A Grade Gifts Monk a Win


By Rob Monk

In Cycling there is a tradition of “gifting” races. A stronger rider who has many victories already on his palmares will allow a lessor rider to take victory in a stage or minor race as a sign of generosity and respect. The most famous of these was when Lance Armstrong gifted Marco Pantani the Mont Ventoux stage in the 2000 tour. Pantani did not appreciate the gift and claimed Armstrong had belittled him. Armstrong famously declared after Pantani’s prognostications, that there would be “No more gifts” and he never gifted another race to anyone.

Shane Stiles and Matt Parkinson are not Lance Armstrong although they have many recent victories. They gifted Rob Monk his first A grade victory on Saturday.

Stiles and Parkinson were clearly stronger than the rest of the A grade bunch. Pete Whelan, Monk and Brett Kennedy had tried in the early parts of the race to get away but they were always brought back to the fold.

Everyone knew at some stage Parkinson or Stiles would get away and the race would be over for the rest. Parkinson was allowed to roll off the front with 6 laps to go. Stiles played a waiting game. He’d let the weaker riders chase, tire themselves then make the decisive jump across the gap. Whelan chased, then Parker when off the front in search of Parkinson. He didn’t get far as George “Crystal Cranks” Tambassis didn’t live up to his nickname and put in a huge turn to bring him back.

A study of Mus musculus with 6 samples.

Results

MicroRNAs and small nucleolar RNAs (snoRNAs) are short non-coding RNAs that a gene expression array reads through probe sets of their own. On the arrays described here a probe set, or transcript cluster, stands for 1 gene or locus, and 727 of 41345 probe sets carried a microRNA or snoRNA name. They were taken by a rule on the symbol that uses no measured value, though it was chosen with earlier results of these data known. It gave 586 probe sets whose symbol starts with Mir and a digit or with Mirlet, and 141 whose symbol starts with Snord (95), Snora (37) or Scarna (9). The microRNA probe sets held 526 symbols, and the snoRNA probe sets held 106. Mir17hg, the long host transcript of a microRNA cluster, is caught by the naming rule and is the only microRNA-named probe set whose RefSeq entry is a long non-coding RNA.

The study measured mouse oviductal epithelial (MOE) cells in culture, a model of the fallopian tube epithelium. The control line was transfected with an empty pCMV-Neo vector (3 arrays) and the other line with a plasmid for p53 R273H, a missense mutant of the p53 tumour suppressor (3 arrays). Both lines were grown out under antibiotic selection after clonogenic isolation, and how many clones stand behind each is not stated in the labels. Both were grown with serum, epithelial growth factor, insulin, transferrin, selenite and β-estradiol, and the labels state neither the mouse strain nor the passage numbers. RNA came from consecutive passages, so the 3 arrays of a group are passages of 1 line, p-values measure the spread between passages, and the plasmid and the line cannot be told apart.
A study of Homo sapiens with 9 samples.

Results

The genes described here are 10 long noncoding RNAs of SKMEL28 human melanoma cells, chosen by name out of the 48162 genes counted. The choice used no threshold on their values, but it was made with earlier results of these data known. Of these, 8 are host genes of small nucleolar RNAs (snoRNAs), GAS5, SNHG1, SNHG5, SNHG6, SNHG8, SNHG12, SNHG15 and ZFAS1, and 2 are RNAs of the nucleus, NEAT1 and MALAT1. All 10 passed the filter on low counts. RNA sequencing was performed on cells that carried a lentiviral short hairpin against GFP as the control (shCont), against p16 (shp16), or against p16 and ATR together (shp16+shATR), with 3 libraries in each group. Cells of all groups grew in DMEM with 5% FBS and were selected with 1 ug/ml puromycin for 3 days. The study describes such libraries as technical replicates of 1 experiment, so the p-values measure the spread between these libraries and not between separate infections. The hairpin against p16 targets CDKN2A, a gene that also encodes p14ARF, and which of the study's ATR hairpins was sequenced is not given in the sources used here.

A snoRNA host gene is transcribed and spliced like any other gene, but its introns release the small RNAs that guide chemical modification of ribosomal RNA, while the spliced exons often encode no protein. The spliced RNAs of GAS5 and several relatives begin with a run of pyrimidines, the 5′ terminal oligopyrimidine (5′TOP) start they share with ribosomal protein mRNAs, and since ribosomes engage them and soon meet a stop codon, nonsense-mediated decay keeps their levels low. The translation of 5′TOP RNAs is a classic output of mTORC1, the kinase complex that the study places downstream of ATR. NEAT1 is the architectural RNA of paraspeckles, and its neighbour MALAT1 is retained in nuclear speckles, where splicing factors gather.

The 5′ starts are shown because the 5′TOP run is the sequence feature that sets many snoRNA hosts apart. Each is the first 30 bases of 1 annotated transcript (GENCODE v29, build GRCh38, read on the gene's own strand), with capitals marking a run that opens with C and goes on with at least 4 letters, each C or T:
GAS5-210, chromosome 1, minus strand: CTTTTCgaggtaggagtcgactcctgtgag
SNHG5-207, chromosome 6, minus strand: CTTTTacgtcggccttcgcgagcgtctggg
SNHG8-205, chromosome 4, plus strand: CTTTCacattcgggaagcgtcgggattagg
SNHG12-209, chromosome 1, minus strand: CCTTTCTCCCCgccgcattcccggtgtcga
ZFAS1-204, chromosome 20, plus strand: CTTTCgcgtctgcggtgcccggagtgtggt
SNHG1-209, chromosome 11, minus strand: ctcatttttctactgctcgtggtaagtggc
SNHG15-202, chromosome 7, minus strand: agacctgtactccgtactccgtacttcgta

Stiles then pounced. He sprinted out of the bottom corner and no-one could hold his wheel. Rob Monk was the unlikely rider who made it furthest across the gap with Stiles. Rounding the top corner a meek cry of “Wait for me.” emanated from Monk’s lips and Stiles sat up just long enough for the pair of them to join forces and chase down Parkinson. Parkinson and Stiles smashed out a new 5 lap STRAVA record for the endeavour Street Circuit while Monk hung on like an overweight bulldog to a pair of greyhounds.

At the finish line they gifted Monk the victory which unlike Pantani, Monk shamelessly accepted. Meanwhile the chasers disintegrated. Finlayson, Tambassis and Kennedy called it a day early while Parker and Whelan chased in vain and where half a lap down at the end.

Paul Yeatman thought he should have been in A grade and raced accordingly. He jumped off the front of the B grade bunch early had the A group in sights until they started to race. The remaining 7 B grade riders, if they worked together should have been able to keep Yeatman in sight but there was no organisation in the chase whatsoever. Ross Henry and Bruce Staben worked hard on the front, with others doing a little bit. Pete Bailey lacked power and new races Daniel Bishop and Darren McNair lacked experience. Thommo was just rolling around, In the end Yeatman took a lap on the bunch for an emphatic victory. The rapidly improving Jason Tubnor was second with Ross Henry in third.

The C grade race broke apart early when Glen Walker put the pace on and rode the first 20 minutes off the front. Such was his lead that Steve Muggeridge had to ride hard on the front for much of the race just to keep him close. This caused Wayne Tunks and Connor Williamson to lose contact. After 30 minutes Walker was back in the bunch. He’s strong but tactically limited in this early stage of his career. Muggeridge was just too fast in the sprint collecting the Drouin Cycles Vouchers with Rob Waddel in second. Then followed Nicole Summerfield and Macca Parkinson.